At this year’s I/O, Google unveiled the next version of Android, codename “M”. This release focuses on incremental improvements, new APIs and refining the user interface.

Having experience with both Android and iOS SDKs, I can draw some parallels between them, to the benefit of my friends and colleagues working on Apple platforms.

One of the aspects that was covered is the new permission system, which is clearly inspired by iOS. Gone is the “permission wall” shown when users tap “Install” in the Play Store. The system will ask users to either grant or deny access to privileged functionality on the spot.

Each application gets, as soon as it is installed, network access and is allowed to read and write files in its own container. Additional permissions are requested and, eventually, granted as soon as the application needs them, with the operating system in charge to present a confirmation prompt to the user. This is quite similar to how iOS application have been working since the dawn of the AppStore.

What’s interesting is that the underlying mechanism is still the old, broad, and granular set of permissions we’ve been accustomed to since the first version of Android. What’s changed is just the user experience and a couple of new APIs.

Developers, in fact, still have to declare all permissions they need in AndroidManifest.xml but these permissions are now clustered into “logical groups” to make them easier to understand for end users. For example the old READ_CALENDAR and WRITE_CALENDAR permissions are presented to the user as a single prompt to access the whole calendar. From an API perspective, you are still requesting access to READ_CALENDAR, WRITE_CALENDAR (or both) but, once the user grants or denies a permission coming from a logical group, all permissions in that group are either granted or denied at the same time.

This is, again, strikingly similar to iOS. When I request access to the address book, I’m given both read and write access simultaneously. I don’t have to request them separately.

Power users will be disappointed to know that the settings screen will only allow to toggle groups, not individual permissions. As a first iteration, though, this is good enough and still a vast improvement over the “wall of permissions” users have endured until now.

Developers must opt-in to the new scheme by telling the system that they target “M” by changing a couple of lines in their build.gradle file in a manner quite similar to how the “Deployment Target” configuration parameter works in iOS.

Opting in to the new scheme comes with a price: applications now must degrade gracefully in case the permission is being denied and they don’t have to crash when the permission is toggled from the settings screen at a later date. Developers also should ponder whether it’s better to ask for all permissions when the app is first launched 1 or wait until the permission is effectively needed.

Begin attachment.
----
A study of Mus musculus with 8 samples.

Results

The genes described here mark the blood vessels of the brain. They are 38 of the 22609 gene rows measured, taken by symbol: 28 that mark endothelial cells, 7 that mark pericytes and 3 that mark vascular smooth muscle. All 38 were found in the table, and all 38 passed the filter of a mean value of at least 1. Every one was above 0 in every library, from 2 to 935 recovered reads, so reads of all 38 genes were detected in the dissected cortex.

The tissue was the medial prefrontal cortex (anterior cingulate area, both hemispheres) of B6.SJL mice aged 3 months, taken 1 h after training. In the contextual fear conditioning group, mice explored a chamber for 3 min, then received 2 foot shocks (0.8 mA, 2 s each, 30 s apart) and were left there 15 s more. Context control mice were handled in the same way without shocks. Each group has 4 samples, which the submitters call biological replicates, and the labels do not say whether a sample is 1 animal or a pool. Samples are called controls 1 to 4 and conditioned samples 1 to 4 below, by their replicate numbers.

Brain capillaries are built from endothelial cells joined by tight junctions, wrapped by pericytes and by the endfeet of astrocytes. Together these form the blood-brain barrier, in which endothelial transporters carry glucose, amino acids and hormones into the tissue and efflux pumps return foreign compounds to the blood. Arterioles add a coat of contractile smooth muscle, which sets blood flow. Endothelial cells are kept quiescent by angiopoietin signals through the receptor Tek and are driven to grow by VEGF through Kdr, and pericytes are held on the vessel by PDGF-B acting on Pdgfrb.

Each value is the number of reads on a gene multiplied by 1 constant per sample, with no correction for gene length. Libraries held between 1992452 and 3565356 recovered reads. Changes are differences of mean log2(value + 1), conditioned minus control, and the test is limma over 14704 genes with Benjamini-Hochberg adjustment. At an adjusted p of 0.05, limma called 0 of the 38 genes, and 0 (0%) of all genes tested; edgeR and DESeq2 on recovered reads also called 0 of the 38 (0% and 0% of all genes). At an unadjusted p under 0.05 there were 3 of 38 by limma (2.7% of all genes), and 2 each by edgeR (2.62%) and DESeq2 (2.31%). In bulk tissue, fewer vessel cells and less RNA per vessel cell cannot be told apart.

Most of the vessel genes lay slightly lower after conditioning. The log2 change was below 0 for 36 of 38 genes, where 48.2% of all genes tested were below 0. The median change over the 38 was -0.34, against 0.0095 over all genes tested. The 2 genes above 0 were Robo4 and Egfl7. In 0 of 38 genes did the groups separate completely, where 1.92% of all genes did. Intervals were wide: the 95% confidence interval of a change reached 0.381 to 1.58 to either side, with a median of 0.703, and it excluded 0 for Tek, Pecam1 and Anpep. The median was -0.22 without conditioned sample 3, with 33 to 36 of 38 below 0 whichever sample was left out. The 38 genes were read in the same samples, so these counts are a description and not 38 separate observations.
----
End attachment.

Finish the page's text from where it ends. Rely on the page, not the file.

Old applications that target a pre-M version of Android will get the old “wall of permissions” at install time but users will still be able to toggle each permission group after the application has been installed. The settings screen will, in this case, show a warning telling users that legacy applications might misbehave when something is turned off, since old applications assume that all permissions were granted them by the virtue they are installed and running on a device. Once a permission group is disabled, the system supplies fake data to the application in the form of e.g. an empty address book, unavailable location fixes, and so on. The system won’t raise security exceptions.

Also, whenever a permission is toggled from the settings page, the application process is killed. This frees developers from having to think about permissions changing while an application is performing a long-running operation.

From a developer standpoint the API is really simple: you check if you have a permission with Context.checkSelfPermission() and prompt the user with Activity.requestPermissions() and then handle the response in the onRequestPermissionsResult() method in your activities.

One difference with iOS is that developers can’t provide an explanation to be injected in the system UI. Developers either have to “double-prompt” 2 or show a justification prompt after the user has denied a particular permission, then ask again. This last method seems to be the preferred one. Beware though, after the first prompt users are shown a checkbox to hush all future requests. It is unclear whether all dialogs or only those coming from a specific permission group will be hidden.

Unlike iOS it is also possible to cluster multiple permission requests together. The system UI will include a progress indicator in the lower left corner displaying how many more dialogs will be shown.

In some cases permission alerts can be skipped altogether by firing a system intent, delegating the action to a component for which the user might already have granted all permissions, and this is really what most developers should attempt to do before taking matter to themselves and use privileged APIs.

The new permission model goes definitely in the right direction and I can’t wait to see devices with Android M hitting the market, bringing users a refined user experience alongside all other new features and improvements Android has to offer such as Doze and Android Pay.

Additional Resources

  1. Hangouts requests access to the microphone, contacts and SMS at launch because these are needed to provide essential functions in the application. Google Keep instead requests access to the microphone when you first tap the button to record a voice memo. 

  2. Double-prompting is the practice of showing an application-managed prompt before the one handled by the system.